Rabbi Hillel Ḥayyim Lavery-Yisraëli got an email on Wednesday referencing the violent attack in Jerusalem that left four Israeli Jews and a police officer dead.
"What a wonderful day! Four of your satanic murderers were taken from the world, how wonderful! But what a pity that you weren't among them," the message read.
"But soon will come the time when the Gothenburg synagogue will be destroyed to the ground with you inside, and then you too, you pig, will be killed in the eternal fire," it added.
Speaking to The Local on Friday, Rabbi Hillel Ḥayyim Lavery-Yisraëli said:
"I was very surprised and worried for my family. I can say I did not expect this when I moved to Sweden".
The rabbi was born in Canada and moved to Israel when he was 19. He arrived in Sweden two years ago.
"When I came here I felt very proud that I walked around in Gothenburg with my head covering, without any fear or trouble. But in the last year or so things have started to change. I still do it because I think it is important that Swedes get used to seeing people who are different, but I do feel kind of nervous".
Police in Gothenburg are investigating the email sent to the rabbi.
Malmö has the largest Jewish community in Sweden. Photo: TT
The death threats follow rising numbers of attacks against Jews in Stockholm and Malmö in southern Sweden in recent months.
"Many religious communities are experiencing a deteriorating social climate, and the Jewish community feel that anti-Semitism has increased," Göran Larsson, Professor of Religious Studies at the University of Gothenburg told Swedish newspaper Göteborgs-Posten on Thursday.
"We live in a time when global events, such as the ongoing Israeli-Palestinian conflict have consequences for different religious communities in Sweden," he added.
Speaking to The Local, Lena Posner-Korosi who is President of the Council of Sweden's Jewish communities said:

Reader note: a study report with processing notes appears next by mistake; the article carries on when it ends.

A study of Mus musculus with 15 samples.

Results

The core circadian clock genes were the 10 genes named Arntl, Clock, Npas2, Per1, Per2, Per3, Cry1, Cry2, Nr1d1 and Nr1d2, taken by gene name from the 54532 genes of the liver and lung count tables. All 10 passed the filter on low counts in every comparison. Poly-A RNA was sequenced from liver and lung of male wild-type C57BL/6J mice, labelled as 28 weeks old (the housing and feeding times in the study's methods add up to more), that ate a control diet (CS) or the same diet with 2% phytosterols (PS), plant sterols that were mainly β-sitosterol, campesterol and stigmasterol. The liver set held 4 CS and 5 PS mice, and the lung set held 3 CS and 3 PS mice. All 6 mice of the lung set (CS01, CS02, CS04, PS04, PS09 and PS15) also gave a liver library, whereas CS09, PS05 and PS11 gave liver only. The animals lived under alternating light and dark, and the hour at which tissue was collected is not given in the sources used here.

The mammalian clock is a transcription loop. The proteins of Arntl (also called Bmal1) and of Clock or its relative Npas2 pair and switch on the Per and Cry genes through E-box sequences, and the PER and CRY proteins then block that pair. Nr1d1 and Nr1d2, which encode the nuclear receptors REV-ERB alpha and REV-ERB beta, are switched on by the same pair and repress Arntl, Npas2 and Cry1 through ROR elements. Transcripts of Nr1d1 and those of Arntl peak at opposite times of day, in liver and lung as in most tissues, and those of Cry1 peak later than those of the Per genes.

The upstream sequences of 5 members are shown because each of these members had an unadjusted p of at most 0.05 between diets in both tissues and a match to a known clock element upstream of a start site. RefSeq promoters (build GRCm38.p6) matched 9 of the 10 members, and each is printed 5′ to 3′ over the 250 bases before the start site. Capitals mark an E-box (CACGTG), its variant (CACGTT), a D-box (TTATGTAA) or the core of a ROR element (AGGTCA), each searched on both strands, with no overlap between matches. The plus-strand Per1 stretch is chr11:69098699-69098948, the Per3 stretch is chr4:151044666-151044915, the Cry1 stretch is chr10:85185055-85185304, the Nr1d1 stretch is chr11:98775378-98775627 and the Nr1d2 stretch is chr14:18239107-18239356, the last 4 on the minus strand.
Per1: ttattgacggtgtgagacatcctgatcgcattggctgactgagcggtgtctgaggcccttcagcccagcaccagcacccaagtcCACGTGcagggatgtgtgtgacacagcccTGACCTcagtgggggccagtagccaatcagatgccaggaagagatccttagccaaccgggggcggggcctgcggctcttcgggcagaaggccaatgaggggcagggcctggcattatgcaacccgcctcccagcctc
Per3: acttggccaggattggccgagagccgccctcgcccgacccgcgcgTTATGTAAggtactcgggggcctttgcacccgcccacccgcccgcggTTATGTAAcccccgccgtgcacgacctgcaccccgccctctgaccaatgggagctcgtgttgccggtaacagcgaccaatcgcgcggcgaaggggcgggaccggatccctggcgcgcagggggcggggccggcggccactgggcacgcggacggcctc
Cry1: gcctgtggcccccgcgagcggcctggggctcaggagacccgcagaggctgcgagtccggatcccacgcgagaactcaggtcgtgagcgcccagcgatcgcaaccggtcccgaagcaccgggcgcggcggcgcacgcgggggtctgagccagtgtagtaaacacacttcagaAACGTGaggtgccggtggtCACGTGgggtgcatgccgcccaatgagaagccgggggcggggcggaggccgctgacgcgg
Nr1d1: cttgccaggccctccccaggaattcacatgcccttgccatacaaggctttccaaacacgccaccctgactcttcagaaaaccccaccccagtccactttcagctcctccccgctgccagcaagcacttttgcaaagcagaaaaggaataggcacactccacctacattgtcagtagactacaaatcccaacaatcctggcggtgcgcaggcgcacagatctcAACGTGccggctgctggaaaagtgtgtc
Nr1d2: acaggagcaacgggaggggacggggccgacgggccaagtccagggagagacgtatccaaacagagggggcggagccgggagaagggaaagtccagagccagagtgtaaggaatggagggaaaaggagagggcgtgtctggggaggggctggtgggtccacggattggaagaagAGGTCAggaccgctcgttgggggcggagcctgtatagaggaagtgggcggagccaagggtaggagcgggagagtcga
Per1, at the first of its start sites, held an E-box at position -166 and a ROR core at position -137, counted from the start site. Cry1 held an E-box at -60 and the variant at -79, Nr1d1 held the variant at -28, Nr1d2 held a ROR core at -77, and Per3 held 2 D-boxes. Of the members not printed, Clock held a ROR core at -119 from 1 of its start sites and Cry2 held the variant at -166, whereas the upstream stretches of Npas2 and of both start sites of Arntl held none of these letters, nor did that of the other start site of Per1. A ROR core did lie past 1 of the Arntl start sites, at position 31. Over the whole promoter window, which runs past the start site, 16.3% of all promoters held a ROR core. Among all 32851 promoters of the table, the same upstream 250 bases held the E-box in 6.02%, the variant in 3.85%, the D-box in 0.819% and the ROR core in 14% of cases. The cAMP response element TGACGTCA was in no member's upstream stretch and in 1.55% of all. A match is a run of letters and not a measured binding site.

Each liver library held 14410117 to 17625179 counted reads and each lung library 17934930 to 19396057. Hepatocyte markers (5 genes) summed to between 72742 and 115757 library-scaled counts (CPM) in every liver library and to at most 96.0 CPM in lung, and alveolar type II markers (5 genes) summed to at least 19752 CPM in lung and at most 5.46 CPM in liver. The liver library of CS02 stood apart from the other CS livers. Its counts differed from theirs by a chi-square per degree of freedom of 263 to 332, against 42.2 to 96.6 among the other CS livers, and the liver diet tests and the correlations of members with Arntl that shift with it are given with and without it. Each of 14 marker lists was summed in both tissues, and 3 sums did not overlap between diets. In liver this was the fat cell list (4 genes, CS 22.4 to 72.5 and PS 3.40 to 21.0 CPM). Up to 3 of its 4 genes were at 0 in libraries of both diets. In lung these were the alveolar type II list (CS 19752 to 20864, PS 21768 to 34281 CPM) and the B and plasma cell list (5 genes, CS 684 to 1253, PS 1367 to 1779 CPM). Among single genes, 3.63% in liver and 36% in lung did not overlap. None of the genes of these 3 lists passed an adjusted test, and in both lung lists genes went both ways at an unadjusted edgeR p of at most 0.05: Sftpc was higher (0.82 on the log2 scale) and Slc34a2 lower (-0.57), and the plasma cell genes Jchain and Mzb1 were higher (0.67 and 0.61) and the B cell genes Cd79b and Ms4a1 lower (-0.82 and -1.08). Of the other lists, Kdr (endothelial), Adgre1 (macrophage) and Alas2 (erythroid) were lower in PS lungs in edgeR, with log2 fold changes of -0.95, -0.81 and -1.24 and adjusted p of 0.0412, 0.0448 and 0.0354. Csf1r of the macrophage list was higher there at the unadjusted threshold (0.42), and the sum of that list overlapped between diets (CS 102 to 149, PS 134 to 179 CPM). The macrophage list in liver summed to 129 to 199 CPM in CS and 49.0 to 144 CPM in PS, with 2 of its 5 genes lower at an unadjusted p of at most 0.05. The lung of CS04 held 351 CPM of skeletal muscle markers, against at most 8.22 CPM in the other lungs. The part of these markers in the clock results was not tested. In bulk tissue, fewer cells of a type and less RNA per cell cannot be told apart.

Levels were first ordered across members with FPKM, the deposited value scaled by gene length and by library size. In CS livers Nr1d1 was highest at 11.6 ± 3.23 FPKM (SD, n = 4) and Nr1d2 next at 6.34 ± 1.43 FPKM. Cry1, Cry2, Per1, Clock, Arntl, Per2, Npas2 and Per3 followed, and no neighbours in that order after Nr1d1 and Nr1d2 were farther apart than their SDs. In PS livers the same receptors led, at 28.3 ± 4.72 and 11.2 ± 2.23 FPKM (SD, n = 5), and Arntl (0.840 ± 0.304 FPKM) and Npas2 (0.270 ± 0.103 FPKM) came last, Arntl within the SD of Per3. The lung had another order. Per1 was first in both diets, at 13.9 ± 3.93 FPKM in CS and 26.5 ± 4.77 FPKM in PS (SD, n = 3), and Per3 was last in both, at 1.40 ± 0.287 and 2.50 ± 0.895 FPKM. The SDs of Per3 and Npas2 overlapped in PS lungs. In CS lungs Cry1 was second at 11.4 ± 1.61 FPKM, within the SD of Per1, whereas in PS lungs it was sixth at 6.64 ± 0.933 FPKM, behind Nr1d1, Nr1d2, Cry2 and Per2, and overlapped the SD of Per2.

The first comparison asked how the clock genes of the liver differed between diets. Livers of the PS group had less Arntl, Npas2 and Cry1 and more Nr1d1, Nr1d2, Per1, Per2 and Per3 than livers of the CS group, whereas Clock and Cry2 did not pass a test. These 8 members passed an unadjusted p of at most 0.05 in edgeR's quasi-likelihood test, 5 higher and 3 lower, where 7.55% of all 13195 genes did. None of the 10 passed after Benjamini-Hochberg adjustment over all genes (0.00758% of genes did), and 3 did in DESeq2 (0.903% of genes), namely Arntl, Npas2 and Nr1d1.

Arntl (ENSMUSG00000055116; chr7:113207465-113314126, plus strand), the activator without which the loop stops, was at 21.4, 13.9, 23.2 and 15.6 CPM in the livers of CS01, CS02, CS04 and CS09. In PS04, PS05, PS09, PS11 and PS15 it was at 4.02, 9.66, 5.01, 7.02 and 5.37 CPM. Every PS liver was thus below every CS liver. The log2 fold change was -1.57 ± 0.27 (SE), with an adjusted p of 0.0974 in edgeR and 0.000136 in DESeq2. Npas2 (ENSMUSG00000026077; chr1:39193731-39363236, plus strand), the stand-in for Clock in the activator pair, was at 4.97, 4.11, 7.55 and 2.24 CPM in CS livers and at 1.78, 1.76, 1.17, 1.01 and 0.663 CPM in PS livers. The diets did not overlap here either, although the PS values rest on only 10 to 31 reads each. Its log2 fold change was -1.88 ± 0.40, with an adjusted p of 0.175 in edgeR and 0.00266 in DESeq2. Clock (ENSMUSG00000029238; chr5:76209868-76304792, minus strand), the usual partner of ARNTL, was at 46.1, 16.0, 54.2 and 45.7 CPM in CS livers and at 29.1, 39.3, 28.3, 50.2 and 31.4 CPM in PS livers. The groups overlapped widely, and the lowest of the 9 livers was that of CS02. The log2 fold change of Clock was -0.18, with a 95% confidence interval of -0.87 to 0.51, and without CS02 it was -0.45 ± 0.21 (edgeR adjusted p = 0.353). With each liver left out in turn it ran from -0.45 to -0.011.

"The attack on the rabbi is appalling and at the same time we are not surprised and this is the terrible part of all this. For years we have experienced this kind of thing in Malmö and now it has spread to Gothenburg."
She said that Jews in all of Sweden's major cities had now experienced threats, either by phone, letter, email or in person and said she was especially concerned about attacks on Jewish cultural centres and synagogues.
"Compared to other parts of Europe we are in the highest league when it comes to anti-Semitism and this this is not a competition we want to win," she added.
Posner-Korosi said she was satisfied that police in Sweden were investigating all the incidents but said that officers had sometimes been too quick to rule out the possibility that some of them were hate crimes.
"Often they say that young trouble-makers are behind the violence. It can be hard to tell what the motive is but we can't rule out the possibility that some of these are hate crimes."
She added: "It has reached a point in Malmö where Jews are afraid on a daily basis. In other cities we don't feel this every day but we are starting to".
Martin Hallberg Chief Inspector for Gothenburg told The Local:
"I cannot discuss individual investigations but the city's police force is always out on patrol and we are working closely with the Jewish community. We meet and discuss problems. I watch the news to make sure I know what is going on in the world and when I find out about violence in the middle east I call people in the Jewish community".